Chinese coal plans raise concerns for environmentalists

China is already the biggest producer and consumer of coal in the world China is already the biggest producer and consumer of coal in the world
  • ucanews.com reporter, Beijing
  • China
  • August 28, 2012

Nearly 10 billion cubic meters of water will be consumed if 16 newly proposed coal mines and plants go ahead in the north and west of China in places such as Gansu, an undeveloped province in the north, and Xinjiang further west and home to the country’s two largest deserts.

These regions are “already suffering from desertification and other severe environmental problems,” warned Greenpeace researcher Sun Qingwei.

Greenpeace China estimates that the amount of water required to keep these proposed projects operating is equal to a quarter of the total annual volume of the Yellow River, the sixth-longest in the world.

“It leads to large-scale land deterioration which not only affects livelihoods and threatens agricultural production and food safety but also damages the basis for sustainable economic development,” said Sun.

Although the direct fallout of this massive consumption of the dirtiest fossil fuel across the world’s most populated nation remains to be seen, evidence of China’s water problems is already piling up.

In Bameng diocese in Inner Mongolia, which has seen rapid recent development of its coal industry and now ranks as the second-biggest producer in China, a local priest says the water table is plummeting.

“We dug 30 meters to get clean water 30 years ago,” said the priest, who asked not to be named. “We now have to dig 90 meters, and even more in some other places.”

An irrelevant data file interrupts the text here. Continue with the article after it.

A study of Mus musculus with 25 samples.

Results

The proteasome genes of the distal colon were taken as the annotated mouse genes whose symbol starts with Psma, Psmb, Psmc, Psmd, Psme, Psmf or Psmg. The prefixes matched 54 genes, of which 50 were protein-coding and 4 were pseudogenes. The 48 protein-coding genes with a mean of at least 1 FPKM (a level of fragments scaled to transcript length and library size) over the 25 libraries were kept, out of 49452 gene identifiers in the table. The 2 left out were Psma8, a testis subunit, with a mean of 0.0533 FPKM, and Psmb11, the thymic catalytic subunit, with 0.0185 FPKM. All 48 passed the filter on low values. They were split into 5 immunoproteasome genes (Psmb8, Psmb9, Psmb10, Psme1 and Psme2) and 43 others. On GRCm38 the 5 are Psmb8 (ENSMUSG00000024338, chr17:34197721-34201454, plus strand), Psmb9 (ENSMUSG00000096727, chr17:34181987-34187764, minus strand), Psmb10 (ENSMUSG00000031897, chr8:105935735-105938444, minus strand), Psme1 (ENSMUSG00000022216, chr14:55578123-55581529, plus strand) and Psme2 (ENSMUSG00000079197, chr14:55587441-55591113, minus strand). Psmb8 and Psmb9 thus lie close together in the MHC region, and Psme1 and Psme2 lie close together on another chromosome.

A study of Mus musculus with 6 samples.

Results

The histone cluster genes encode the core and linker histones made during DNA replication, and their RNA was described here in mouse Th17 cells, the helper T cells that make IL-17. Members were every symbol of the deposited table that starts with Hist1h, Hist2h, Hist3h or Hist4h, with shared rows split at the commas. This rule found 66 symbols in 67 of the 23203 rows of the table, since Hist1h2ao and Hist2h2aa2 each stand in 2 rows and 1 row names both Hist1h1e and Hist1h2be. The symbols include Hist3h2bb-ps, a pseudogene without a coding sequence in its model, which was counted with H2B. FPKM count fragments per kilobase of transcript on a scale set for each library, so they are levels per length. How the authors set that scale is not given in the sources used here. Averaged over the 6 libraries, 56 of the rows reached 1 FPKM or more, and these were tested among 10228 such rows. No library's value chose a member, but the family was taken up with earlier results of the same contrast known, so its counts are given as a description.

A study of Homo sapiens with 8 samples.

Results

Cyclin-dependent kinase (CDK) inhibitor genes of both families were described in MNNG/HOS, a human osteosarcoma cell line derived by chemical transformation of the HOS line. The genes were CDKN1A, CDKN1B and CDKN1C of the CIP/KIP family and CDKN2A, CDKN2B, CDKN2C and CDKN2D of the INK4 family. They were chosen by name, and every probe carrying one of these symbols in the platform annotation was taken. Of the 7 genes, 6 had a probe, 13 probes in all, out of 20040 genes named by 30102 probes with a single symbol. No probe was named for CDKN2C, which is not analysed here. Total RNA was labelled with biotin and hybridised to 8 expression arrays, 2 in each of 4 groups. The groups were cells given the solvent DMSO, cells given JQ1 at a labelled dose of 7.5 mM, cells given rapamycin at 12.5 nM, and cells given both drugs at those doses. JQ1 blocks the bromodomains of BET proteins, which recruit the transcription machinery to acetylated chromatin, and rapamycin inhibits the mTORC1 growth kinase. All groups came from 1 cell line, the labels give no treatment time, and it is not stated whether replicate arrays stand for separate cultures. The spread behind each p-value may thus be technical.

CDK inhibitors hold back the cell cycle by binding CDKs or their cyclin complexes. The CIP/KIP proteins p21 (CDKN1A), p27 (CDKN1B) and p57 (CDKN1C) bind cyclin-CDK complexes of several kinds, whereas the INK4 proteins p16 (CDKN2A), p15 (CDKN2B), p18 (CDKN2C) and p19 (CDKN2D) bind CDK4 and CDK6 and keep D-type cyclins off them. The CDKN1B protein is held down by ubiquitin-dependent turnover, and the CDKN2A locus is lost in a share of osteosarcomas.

He says the reason behind this unfolding environmental disaster is obvious: high-polluting, water-hungry heavy industry.

In neighboring Shanxi, the biggest coal-producing province in China and believed to hold one third of all deposits in the country, Michael, a retired engineer in his 70s, says the availability of water is also falling.

“Water supply becomes tight when there is a drought,” says the engineer, who lives in Taiyuan diocese that includes the provincial capital of the same name. “People have to queue up at the well for water.”

The central government has proposed drawing water from southern stretches of the Yangtze River where demand is currently lower. But that is just a stop-gap measure, critics warn, especially if the proposed new coal projects go ahead.

China is already the largest coal producer and consumer in the world, with up to 70 percent of electricity produced by coal-fired plants compared to an average of just 30 percent in the rest of the world. As such, China is by far the biggest producer of carbon dioxide on the planet.

In a jointly published report, Greenpeace China and the Institute of Geographical Sciences and Natural Resources of the Chinese Academy of Science recently urged the government to implement stricter controls on water resources at coal plants and suggested a rethink on where these should be built.

In other words, campaign groups are urging Beijing to consider factors beyond pure, short-term economics to protect the environment, and longer term economic interests.

“[China’s] over-reliance on coal is due to the lack of crude oil and an unprivileged situation in the international oil market,” said Greenpeace’s Sun. “But the price of coal does not reflect the high cost of the coal-mining industry which has long neglected mining safety and environmental protection.”